We like airplanes here on Roadkill, especially old ones, and we love seeing them do real work, even on Labor Day Weekend. Last Saturday, Steve Hinton Jr. and his P-51D Mustang air racer, Voodoo, did some of that great work at Clarks Field in Idaho.
Hinton piloted the fastest-ever piston-engined, propeller-driven aircraft with a four-lap average over three kilometers of 531.53 miles per hour, which included a best single pass of 554.69 mph. To beat the official (and retired) FIA record for piston-engined planes, Hinton needed to clear the previous record by 1 percent, which was a 535 mph average. While he fell short, no one will dispute that the young ace racer and his steed are the fastest piston-engined combination in the sky.
Like most hot-rodded land-speed racers, Hinton’s Voodoo required an evolution to achieve those new speeds. The P-51 Mustang has raced in the sky for nearly three decades with several big trophies to show, but the warbird got new wings for this endeavor from Aviation Partners. The Seattle company was responsible the sole graphic on the white-painted Voodoo for the record attempt, a major departure from the Mustang’s usual bright livery (See below).
As for the record, we’re impressed that Hinton went 550 miles per hour at all, but few things compare to seeing Hinton flying that speed maybe 70 feet above the Idaho runway. Maybe 70 feet. Even when we watched the video on a crappy laptop, the Mustang’s blurry shape and the sound of the V12 turned to “11” gives us the chills. This is some pinnacle man-and-machine work right here and we can’t wait to see the high-definition footage that should be coming soon.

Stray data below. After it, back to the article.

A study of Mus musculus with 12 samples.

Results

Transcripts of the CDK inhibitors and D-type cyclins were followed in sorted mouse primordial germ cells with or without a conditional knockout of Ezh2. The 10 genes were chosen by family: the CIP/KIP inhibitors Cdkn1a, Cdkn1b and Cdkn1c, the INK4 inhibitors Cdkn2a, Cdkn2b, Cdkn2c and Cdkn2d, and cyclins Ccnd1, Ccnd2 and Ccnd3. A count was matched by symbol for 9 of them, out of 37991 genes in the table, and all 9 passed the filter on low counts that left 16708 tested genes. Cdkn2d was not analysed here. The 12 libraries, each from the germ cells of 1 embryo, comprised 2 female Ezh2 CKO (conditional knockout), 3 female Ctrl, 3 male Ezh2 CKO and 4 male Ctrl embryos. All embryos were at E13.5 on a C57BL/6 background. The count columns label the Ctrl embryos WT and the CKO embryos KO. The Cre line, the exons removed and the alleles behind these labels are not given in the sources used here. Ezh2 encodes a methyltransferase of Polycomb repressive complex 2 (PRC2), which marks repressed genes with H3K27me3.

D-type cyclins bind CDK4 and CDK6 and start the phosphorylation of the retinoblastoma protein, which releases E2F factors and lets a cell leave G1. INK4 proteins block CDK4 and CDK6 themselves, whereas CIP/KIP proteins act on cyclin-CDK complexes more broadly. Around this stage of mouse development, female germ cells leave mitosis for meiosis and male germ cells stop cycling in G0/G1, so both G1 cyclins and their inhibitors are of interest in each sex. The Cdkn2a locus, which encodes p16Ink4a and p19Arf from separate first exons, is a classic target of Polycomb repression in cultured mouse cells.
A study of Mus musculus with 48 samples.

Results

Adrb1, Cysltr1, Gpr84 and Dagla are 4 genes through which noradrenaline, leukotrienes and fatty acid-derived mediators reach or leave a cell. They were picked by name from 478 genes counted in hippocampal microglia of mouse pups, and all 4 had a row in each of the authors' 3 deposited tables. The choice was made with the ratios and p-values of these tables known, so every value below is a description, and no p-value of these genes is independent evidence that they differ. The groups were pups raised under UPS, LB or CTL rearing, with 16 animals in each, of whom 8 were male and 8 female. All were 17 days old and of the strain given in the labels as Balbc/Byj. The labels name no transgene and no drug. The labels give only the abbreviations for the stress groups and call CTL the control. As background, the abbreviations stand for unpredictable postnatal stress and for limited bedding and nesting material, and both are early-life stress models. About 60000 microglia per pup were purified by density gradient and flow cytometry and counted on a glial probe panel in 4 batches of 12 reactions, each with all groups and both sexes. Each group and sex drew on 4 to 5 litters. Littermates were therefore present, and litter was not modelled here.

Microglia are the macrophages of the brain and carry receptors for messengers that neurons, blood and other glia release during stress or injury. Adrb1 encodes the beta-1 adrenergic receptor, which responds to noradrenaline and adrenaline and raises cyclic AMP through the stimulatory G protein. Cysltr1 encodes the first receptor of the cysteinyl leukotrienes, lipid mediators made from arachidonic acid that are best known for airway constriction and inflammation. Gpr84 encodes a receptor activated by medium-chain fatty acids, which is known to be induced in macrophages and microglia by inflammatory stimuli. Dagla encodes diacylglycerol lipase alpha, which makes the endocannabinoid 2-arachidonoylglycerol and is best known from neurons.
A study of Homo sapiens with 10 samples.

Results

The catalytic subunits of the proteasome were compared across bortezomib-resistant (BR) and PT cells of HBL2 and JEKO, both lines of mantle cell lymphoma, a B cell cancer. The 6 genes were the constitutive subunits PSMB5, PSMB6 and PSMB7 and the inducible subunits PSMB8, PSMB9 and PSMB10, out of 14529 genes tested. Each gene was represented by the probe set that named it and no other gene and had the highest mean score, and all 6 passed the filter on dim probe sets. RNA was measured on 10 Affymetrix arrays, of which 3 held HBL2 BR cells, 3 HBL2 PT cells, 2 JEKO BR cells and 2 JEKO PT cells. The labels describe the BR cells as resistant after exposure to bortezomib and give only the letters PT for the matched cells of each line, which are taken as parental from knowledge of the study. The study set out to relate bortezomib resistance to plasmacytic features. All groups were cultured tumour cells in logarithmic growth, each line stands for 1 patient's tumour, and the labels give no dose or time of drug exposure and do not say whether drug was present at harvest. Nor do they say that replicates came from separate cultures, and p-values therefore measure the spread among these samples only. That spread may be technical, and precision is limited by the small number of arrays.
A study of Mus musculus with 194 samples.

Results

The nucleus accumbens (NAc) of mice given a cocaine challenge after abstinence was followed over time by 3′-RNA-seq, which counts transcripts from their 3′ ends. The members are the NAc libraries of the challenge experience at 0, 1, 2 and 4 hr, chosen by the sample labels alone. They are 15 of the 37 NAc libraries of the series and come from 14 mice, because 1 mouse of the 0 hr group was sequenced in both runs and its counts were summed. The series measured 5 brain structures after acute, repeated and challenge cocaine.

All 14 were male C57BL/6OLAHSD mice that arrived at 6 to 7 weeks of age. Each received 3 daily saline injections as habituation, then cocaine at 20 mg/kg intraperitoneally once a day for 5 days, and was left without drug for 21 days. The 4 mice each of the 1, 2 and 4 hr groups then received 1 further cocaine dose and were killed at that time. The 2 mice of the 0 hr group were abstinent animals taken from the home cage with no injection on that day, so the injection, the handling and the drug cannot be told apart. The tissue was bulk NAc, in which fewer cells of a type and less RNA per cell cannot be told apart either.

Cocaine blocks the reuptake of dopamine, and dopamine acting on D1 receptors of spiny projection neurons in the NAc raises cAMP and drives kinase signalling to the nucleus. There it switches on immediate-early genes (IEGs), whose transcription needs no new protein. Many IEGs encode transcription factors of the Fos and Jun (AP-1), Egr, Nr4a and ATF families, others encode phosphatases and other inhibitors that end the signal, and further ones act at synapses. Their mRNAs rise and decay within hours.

Hinton and his Voodoo Mustang will feature in the Unlimited class at the upcoming Reno National Championship Air Races, which begin next week. What better way could you prepare for a race than by outrunning any other piston-engined aircraft in history? Hinton has three Unlimited wins with Voodoo, including the 2016 title, and you can expect him to mix it up around the pylons at Reno again.
Just like the hot rodders at El Mirage and Bonneville, airplane racers have cranked up the speed in their classic planes. Most of the heavy hitters in air racing are built on World War II-era fighter-plane chassis. And they race wingtip-to-wingtip around pylons just a few breathtaking feet above the earth. Here’s Steve Hinton qualifying Voodoo in 2013 before taking his first Unlimited win with the Mustang.